House Speaker Brendan Sharkey said Thursday that Keno will “likely” be legalized as a revenue item under the state budget currently under negotiation.

Keno is a bingo-type game that is currently illegal in most of Connecticut, but legal throughout most of the region.

Sharkey said the proposal being negotiated would place the game under the jurisdiction of the Connecticut Lottery, but he said legislative leaders were reaching out through the governor’s office to ensure that the state’s Native American tribes, which run Connecticut’s two casinos, were on board with the idea.

“I think it’s likely,” Sharkey said. “There was a lot of conversation about it and I think folks felt that it was a good thing to consider, considering that all our surrounding states have it. We obviously want to make sure we’re good with our friends on the reservations.”

Chuck Bunnell, the chief of staff for the Mohegans, said the tribe has indicated that it would be willing to negotiate something with the state. He said Mohegan Chairman Bruce “Two Dogs” Bozsum told Gov. Dannel P. Malloy’s administration that he would make himself available for negotiations, if this was something the state was seriously considering.

Keno is offered at both the Mashantucket Pequot and Mohegan casinos, but the Keno board at the Mohegan Sun has been temporarily suspended while it evaluates newer products. In Connecticut the tribes, have exclusive rights to casino games under a compact it negotiated with the state more than 20 years ago.

If the tribe is giving up “exclusivity” to the game by allowing the state to offer some form of Keno then it’s going to have to be a mutually beneficial agreement, Bunnell said.

“We want to be helpful,” Bunnell said.

A 2010 Office of Legislative Research report found there’s disagreement about whether Keno is a lottery game that would not violate the state’s agreement with the two Indian casinos, or if it would require the state to reopen its agreement with the tribes. A 2009 opinion by former Attorney General Richard Blumenthal offered little clarity on the issue.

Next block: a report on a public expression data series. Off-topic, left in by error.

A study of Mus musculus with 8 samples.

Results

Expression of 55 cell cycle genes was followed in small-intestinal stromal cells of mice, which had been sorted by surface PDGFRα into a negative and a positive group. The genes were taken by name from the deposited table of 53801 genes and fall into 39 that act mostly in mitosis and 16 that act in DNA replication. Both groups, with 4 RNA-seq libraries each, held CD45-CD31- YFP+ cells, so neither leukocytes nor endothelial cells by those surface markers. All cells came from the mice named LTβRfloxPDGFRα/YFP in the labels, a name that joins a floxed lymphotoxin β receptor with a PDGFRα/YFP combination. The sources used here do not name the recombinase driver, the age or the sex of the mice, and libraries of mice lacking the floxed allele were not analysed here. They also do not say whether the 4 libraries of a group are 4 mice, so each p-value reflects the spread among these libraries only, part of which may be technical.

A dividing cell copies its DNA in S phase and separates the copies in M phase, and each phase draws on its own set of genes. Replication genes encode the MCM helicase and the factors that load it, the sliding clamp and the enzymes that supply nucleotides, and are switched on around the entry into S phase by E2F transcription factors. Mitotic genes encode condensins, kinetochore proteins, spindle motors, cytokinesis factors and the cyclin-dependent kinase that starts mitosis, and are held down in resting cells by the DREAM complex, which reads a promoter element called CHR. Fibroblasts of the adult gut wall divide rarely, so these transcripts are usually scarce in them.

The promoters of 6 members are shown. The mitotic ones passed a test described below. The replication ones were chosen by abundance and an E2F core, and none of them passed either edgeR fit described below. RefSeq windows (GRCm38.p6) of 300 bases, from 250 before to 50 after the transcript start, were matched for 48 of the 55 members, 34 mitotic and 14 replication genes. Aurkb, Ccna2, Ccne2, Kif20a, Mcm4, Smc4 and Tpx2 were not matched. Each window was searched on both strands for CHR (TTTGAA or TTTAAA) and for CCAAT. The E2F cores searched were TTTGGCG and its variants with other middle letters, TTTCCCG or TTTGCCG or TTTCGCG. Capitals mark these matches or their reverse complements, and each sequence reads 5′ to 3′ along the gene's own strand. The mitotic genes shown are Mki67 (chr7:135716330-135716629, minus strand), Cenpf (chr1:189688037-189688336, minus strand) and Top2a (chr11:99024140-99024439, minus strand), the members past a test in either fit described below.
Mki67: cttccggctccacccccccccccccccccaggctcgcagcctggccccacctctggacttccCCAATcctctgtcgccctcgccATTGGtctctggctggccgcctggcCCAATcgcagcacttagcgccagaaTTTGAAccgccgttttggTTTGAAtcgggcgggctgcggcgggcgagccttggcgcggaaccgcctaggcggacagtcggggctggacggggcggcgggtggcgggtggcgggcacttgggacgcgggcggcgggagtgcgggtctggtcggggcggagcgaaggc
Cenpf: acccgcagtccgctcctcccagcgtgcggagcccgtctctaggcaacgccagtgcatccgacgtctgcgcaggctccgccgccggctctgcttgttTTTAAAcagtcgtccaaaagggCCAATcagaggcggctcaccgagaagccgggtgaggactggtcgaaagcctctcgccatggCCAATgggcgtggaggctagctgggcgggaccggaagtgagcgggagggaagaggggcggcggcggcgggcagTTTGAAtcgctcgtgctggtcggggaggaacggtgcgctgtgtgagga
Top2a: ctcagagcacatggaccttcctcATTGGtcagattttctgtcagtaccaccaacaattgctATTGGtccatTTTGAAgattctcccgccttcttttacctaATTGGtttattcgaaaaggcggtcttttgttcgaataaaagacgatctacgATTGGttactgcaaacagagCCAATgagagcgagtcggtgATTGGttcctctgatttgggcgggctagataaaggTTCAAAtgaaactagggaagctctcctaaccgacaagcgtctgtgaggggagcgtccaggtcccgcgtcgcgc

“A court might conclude that the parties never contemplated the state operating casino games, including Keno, within the state while receiving 25 percent of slot machine revenue from the Tribal casinos,” Blumenthal wrote. “Similarly, the state could contend that Keno is not a ‘commercial casino game,’ but a court might disagree because clearly some types of Keno are prevalent in casinos, including the tribal casinos in Connecticut (June 1, 2009).”

Former Republican Gov. M. Jodi Rell proposed introducing Keno to the state back in 2009 as a way to help balance that state budget, but the measure never gained enough public support.

A March 2010 Quinnipiac University poll of Connecticut voters found 70 percent opposed the idea of allowing keno gambling in restaurants, bars, and convenience stores.

Back in 2009, top Democratic lawmakers were lukewarm to the idea of Keno.

According to the Courant, Sen. President Donald Williams called the game “a ‘shaky proposition’ and a ‘misery tax’ on people who can ill afford to play.”

“Correct, Sen. Williams does not like Keno. However, he was not willing to make deep cuts to education or shred the safety net,” Adam Joseph, a spokesman for Williams, said Thursday.

Those close to budget negotiations say they need raise another $30 million to balance the two-year $43.8 billion budget.

Rep. Stephen Dargan, D-West Haven, said gambling is not a partisan issue, but there are lawmakers on both sides of the aisle who are philosophically opposed to increasing opportunities to gamble.